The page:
A response to Joerg Colberg’s article, “Photography After Photography? (A Provocation)” by Michael Wayne Plant, July 2012
Lets start with this statement “Photography liberated painting from the existential burden to depict. With the advent of photography, painting was finally able to move sideways and forward, blossoming in all kinds of directions.”
This is where we get into the argument of Art vs. Representation. We have a problem with photography having to depict something, as it is tied to the real world in a more direct way than painting ever was. Painting could and did get used to show things, but it was always filtered through the eyes of the artist/maker and therefore had a detachment that a photograph lacks. By its very nature photography is tied to the real world. Unless one is going for the abstract and exploring the medium specifically, which does not happen as much. However, this has changed recently with the advent of digital, with photographers waxing lyrically for the days of film, who have made work that is all about the medium of film. For example Paul Graham’s book “Films,”[i] is but one example of nostalgia for the analogue material of film.
I find the problem with the statement that photography is dead a dead end as it is most definitely not dead, but like all living things constantly changing and evolving.
I like this statement by Joerg Colberg: “What can you photograph when every picture has already been taken? Well – isn’t it liberating to know that every photograph has been taken already, so now you can really take your photographs?” Joerg Colberg, Jun 12, 2012 [ii] As it is something that I work closely with my students to think about. How to make images that are your own? How to make images that are not only your own, but also connect with the world and photography’s traditions and also it’s potential.
“In a nutshell, I’m wondering when we’ll see more people explore this, yes, new medium: Digital photography – not as an extension of analog photography, not as something that’s more convenient than analog photography, not as something that can simulate old-timey photographs on your smart phone, not as something that can produce “multimedia”, but as something that can do things that analog photography cannot do. Given the potential that still lies dormant in digital photography we might be in for a surprise – assuming there are enough artists willing to look forward.” Joerg Colberg, Jun 20, 2012. [iii]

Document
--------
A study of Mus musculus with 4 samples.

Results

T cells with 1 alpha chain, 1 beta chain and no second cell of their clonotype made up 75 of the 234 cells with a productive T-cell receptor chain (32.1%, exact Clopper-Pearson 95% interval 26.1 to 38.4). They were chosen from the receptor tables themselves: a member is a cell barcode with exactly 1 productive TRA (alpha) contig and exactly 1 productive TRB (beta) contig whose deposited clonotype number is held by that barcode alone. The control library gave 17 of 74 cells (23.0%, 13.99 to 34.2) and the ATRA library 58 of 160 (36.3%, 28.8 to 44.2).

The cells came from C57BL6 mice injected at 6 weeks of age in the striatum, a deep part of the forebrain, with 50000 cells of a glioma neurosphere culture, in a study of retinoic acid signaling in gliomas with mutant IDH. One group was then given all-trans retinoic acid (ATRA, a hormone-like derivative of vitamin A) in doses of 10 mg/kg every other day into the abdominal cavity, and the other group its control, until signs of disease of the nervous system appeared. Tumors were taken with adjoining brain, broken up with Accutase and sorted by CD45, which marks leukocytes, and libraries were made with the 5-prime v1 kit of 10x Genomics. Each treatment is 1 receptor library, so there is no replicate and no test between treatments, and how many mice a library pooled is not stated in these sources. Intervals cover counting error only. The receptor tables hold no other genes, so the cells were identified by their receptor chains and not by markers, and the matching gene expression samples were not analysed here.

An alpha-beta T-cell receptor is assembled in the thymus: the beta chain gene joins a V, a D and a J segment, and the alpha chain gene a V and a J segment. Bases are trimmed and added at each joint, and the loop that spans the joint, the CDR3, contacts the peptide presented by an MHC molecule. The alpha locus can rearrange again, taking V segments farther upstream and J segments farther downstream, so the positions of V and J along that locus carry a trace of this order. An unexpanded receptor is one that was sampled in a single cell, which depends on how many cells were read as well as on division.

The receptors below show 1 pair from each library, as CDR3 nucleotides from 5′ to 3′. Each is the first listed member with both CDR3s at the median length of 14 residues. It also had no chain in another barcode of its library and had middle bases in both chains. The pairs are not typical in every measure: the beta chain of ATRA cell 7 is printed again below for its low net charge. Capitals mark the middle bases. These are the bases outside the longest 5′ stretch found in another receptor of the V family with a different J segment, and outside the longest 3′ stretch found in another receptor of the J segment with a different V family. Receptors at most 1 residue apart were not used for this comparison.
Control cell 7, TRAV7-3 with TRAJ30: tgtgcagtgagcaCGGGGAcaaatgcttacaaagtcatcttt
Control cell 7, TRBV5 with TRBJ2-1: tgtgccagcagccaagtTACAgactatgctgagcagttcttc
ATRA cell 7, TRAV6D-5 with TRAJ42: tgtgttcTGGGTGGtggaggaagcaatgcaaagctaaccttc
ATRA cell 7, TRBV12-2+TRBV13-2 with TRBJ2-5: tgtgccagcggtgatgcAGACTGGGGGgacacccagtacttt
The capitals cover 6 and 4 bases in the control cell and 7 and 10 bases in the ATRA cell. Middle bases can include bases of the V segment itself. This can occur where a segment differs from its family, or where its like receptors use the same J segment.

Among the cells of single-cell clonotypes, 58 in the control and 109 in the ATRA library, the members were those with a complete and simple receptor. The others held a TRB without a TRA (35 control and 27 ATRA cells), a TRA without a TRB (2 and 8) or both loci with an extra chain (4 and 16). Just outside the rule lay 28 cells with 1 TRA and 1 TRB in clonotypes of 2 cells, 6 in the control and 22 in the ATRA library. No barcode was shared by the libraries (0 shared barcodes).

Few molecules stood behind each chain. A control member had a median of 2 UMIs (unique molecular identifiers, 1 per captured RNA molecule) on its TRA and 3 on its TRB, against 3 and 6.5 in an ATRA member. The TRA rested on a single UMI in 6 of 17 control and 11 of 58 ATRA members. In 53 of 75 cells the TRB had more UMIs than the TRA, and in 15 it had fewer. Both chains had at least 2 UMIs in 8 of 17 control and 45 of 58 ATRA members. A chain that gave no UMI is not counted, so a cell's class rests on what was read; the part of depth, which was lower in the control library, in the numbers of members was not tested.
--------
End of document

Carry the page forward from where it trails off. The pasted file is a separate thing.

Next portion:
What is this looking forward that Joerg Golberg is referring to. I personally think that is the most interesting question and only artists and photographers can answer this by actually thinking about the medium of digital photography and doing work will the answer to this become truly apparent.
I really suspect that the key to this will be artists/photographers who are interested in how to make work that is their own work not derivative of others. I have always thought that the subject is key but then again it really comes down to what it is you want to photograph or make images of. Then how do you approach it so that it is your way of seeing. We so often make images a particular way because that is how we have seen images made before and there is something reassuring in that as it says if it worked for them and they got accepted then I will get accepted for using a similar approach. This conservative approach to making images is what leads to a dead end, however it is also what leads to an easy way of working as you can easily say to others I work like so and so, or my work is using these techniques like such and such, labels that we pin on work helps us to categorize it and this helps us in talking about it and in ‘selling’ it to others. That our approach is valid and therefore we belong within the pantheon of accepted photographers. To do something different is scary as it means we risk the possibility that the work is not accepted within the canon of photographers, this for most photographers is why they keep making work that is similar to that of others. Yet we also have to consider that the medium itself gets us to us the tools in specific ways, potential photographers are taught to see images in a particular way, they go to classes that show images, made by the established photographers, they get taught how to use the tools to make images that ‘work’ within a narrow technical quality level. I am guilty of this, as that is what teaching photography does, it shows you what has been done before and how to achieve this. Yet, teaching photography does not often get one to think, how to make images that I want too, about my subject, in my way and with whatever technical quality, that I want it to exhibit.
These ideas are something that photographers will need to grapple with if we are to make new work, in our own style with our own subjects.